States earn unhealthy marks
Published 12:00 am Saturday, November 25, 2000
Mississippi and Louisiana residents, according to a recent survey, are the unhealthiest in the nation. And it isn’t just about what was on the Thanksgiving table last week.
United Health Group compiled its annual survey based on factors ranging from risks for heart disease to high school graduation rate.
The statistics the study uses tie economy and education into yet another vicious circle keeping Southern states like Louisiana and Mississippi at the bottom.
&uot;They measure things other than health,&uot; she said. &uot;We know that’s where we stand on those issues.&uot;
Where Mississippi stands, according to the United Health Group survey, is at or near the bottom in several factors, not all directly related to health: heart disease, infant mortality, support for public health care and high school graduation.
Currier said economics is one of the biggest factors that keeps Mississippi’s health rating so low.
&uot;Economics is related to health,&uot; Currier said. &uot;If you live in a neighborhood where it’s not safe to walk, or if you can’t afford to go to a health club, you’re more likely to sit around the house. … And, it’s cheaper to buy a fast food hamburger than to cook healthy food.&uot;
Currier said the Mississippi Department of Health tries to stress that health care is not just influenced by a visit to the doctor.
&uot;The chronic disease division of our office is working with communities to facilitate things like walking trails,&uot; she said. &uot;It’s more than just doctor/patient – there has to be community involvement.&uot;
Across the river in Louisiana, Dr. Jimmy Guidry of the Department of Health and Hospitals isn’t surprised by the survey that puts his state second to last in the nation in terms of unhealthy residents.
But Guidry, who said he tries to look at such studies with an optimistic eye toward improvement, said Louisiana and Mississippi are improving – they are just improving at the same rate that other states are.
&uot;In ranking you seem to stay the same,&uot; he said. &uot;We’re not improving any faster than the previous folks. It’s a long-term effort.
&uot;What I try to do is look at those states that improve and see what they’ve done,&uot; Guidry said. &uot;What programs over there are making a difference?&uot;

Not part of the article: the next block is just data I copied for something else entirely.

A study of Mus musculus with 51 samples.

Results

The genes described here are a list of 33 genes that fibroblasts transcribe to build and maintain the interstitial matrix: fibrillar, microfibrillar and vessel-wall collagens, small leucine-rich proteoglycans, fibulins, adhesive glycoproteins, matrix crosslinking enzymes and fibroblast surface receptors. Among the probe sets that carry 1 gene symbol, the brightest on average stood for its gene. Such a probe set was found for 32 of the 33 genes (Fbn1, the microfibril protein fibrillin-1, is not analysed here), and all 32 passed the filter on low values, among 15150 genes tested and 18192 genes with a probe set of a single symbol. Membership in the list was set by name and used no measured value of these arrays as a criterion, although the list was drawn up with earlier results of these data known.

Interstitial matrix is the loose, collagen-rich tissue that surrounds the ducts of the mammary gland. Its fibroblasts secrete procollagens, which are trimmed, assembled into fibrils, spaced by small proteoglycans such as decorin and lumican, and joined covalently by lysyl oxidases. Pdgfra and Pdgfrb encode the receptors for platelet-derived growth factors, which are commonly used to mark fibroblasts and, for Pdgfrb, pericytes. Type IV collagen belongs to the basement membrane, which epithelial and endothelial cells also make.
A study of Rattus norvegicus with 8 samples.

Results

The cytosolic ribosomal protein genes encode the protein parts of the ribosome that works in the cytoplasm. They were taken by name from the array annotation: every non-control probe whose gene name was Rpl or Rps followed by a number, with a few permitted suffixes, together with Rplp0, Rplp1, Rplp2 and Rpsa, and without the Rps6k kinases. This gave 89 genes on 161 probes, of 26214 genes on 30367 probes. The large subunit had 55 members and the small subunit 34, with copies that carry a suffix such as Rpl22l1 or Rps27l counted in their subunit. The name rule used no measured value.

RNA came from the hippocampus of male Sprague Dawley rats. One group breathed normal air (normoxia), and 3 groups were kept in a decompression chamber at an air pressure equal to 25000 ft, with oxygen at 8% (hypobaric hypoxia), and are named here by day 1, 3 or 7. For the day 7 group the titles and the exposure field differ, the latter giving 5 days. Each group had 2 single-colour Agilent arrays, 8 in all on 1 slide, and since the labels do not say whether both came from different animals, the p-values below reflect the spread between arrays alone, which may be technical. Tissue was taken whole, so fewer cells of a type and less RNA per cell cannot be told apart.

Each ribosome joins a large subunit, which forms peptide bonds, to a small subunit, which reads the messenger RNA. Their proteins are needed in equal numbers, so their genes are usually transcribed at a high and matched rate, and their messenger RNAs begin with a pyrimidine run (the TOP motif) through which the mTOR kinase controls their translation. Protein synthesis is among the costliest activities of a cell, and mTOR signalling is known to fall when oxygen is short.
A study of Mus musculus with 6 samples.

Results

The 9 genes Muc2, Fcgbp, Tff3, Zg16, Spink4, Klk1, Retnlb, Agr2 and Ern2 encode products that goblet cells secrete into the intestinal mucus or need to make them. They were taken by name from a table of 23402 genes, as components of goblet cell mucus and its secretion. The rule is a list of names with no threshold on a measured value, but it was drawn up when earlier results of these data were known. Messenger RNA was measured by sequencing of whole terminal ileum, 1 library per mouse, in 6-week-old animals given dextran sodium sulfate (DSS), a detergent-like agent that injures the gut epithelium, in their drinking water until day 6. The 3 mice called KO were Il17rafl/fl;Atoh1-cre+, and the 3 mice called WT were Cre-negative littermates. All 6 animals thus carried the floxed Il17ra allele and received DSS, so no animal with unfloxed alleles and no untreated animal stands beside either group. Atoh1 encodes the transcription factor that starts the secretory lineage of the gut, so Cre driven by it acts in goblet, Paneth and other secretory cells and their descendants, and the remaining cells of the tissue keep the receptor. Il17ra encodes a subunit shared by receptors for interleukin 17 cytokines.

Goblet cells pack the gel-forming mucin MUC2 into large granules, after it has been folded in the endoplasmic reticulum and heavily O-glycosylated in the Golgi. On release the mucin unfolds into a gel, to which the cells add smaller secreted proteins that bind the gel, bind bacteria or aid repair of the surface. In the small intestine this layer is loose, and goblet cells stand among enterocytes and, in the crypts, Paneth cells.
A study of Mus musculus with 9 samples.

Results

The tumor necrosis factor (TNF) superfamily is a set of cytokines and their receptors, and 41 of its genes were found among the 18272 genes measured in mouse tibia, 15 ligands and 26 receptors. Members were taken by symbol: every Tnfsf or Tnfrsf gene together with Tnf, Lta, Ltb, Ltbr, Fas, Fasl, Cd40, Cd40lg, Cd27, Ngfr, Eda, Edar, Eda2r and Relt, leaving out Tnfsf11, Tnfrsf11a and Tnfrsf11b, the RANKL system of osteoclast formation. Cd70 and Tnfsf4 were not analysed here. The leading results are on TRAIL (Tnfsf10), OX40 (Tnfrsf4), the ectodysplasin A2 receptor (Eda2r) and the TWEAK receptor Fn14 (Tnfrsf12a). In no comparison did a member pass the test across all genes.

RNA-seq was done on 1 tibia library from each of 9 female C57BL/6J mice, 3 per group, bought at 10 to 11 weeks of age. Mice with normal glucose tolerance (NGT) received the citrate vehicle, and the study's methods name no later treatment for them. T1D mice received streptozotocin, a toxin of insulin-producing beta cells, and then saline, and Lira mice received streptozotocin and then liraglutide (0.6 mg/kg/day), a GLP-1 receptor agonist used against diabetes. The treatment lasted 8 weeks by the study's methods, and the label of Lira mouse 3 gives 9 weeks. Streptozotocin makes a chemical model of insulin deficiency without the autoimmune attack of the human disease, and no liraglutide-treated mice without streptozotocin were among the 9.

Among the worst posted statistics for both states:
— Infant mortality. Mississippi is 49th, Louisiana 47th. Surprisingly, though, both states rank much higher in adequacy of prenatal care, a factor often related to infant mortality. Currier said one simple demographic can be attributed to the high rate of infant mortality: the ratio of black to white residents. Nationwide, she said, infant mortality is higher among blacks. And Mississippi has a high black population.
&uot;It’s a surrogate for economics,&uot; she said, pointing out that the statistic does not have to do with race but with, once again, money.
— High school graduation. Mississippi ranks 47th, Louisiana 48th. High school graduation rate figures into a health survey because statistics show people with more education – and therefore, often more money – pay more attention to their health, Currier said.
Guidry said Louisiana is trying to improve its graduation rate and its rate of students attending college by offering tuition incentives and increasing the education budget.
Still, &uot;that’s going to take a long time to turn around,&uot; he said of the graduation rate statistic.
— Risk for heart disease. Mississippi is 48th, and Louisiana ranks 41st.
Currier said the risk traces back to the Southern diet of heavy, fried foods. &uot;It’s a cultural thing,&uot; she said.
But it is also tied to economics, in some ways, since unhealthy foods tend to be cheaper and quicker, and access to good, preventive health care is limited when people lack income.